Currently, the most common business structure in the United States is known as a C corporation or “C Corps.”
A C Corp is an independent legal entity, meaning that it has its own tax identification number and can enter into contracts and other agreements with individuals, organizations (like other companies), and government agencies (such as states).
Some people might mistakenly think that C Corps are small businesses, but there is no size limit on the number of shareholders a corporation can have. The largest publicly traded companies in America are C Corps.
Alternatively, it is possible for a very large company to be structured as an S corporation, but you won’t see huge corporations like Amazon or Apple being run this way.
Definition of C Corporations
C corporations is defined as “domestic” for tax purposes. A domestic corporation is one that has been incorporated under the laws in any state or territory within the United States (or organized under an applicable section of the tax code). It is also possible for a corporation to be “foreign” or “alien,” but this does not occur often and will never happen with an S Corp (which can only have US citizens as shareholders).
The difference between domestic vs. foreign has nothing to do with whether the business is located within U.S. borders, it simply refers to where the company was created under state law or federal law, respectively.
Taxation of C Corporations
The basic tax on C Corps is known as the corporate income tax (CIT). The CIT amount due each year for most corporations is determined by multiplying your business’s taxable income by a flat rate of 35%. In addition to the federal level, states also impose their own corporate taxes, and they usually vary in terms of how that is calculated relative to the federal government.
A dividend is defined as a distribution of money. When a corporation earns income that it has not yet paid taxes on (known as “accumulated earnings”), then those profits can be distributed to shareholders in the form of dividends.
Shareholders are taxed on the money they receive as a dividend at their individual income tax rates and not at the corporate rate.
Capital Gains Tax
Capital gains are profits that result from a sale of an asset (such as stock, real estate, etc). When a shareholder sells their shares in a corporation for more than they paid for them or less than they paid for them, then those earnings will be subject to capital gains taxes.
This is one area where C Corps can potentially have an advantage over S Corps and LLCs because C Corps don’t have any limitations on how long you can hold onto your stocks before being taxed at the normal income tax rates.
Advantages of C Corporations
The most common business structure in the United States is C Corporations. There are many reasons why this may be so, but here are some of the key benefits of a C Corp:
1. Limited Liability Protection. C Corps are separate legal entities, which means that the owners – shareholders- have limited liability. Shareholders cannot be held personally responsible for business obligations and debts.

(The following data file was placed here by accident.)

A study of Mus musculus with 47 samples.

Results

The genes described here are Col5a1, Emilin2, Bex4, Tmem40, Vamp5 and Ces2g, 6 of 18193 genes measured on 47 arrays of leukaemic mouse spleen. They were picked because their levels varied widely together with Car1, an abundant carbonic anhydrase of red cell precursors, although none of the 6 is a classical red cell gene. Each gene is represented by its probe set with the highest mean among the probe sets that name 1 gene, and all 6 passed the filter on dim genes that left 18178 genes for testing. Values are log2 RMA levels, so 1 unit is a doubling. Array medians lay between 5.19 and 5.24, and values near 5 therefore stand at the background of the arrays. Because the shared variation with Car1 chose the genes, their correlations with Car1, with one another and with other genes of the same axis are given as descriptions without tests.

2. Ability to Raise Capital. The ability to raise capital is one of the major reasons why businesses choose to incorporate it in the first place. Many types of investors and lenders may not be willing to come on board if your business does not have some type of legal structure protecting their investment/loan.
With a C Corp, you can authorize up to 1 million shares which would allow for easy public trading on exchanges like NASDAQ or NYSE (if desired). In addition, venture capitalists often require companies they invest in to go through this legal process.
3. Perpetual Existence. The life of a corporation is perpetual, meaning that it never “dies.” A C Corp will exist in perpetuity as long as there are shareholders or other entities that have an ownership interest.
Disadvantages of C Corporations
1. Double Taxation. The biggest issue with corporations is the fact that they are required to pay taxes twice – once on their income and then again on any dividends paid out. This can be a huge burden for businesses, especially if you experience years where your business isn’t profitable but still have to pay a tax bill.
2. Complexity of Corporate Structure. This can be a double-edged sword. While it is true that incorporating your business offers many benefits, the process itself may be complicated and time-consuming to get set up correctly.
For example, most C Corps will have shareholders agreements in place which are formal contracts between all owners – this should specify how shares are owned (numerically), voting rights, etc., but these documents must also be filed with state authorities for validation as well.
3. Compliance Requirements. Most small businesses won’t need to spend much time on tax compliance issues, but corporations do face more requirements than S corps or LLCs – this includes keeping extensive records and filing forms with the IRS on a regular basis, as well as mandatory annual meetings.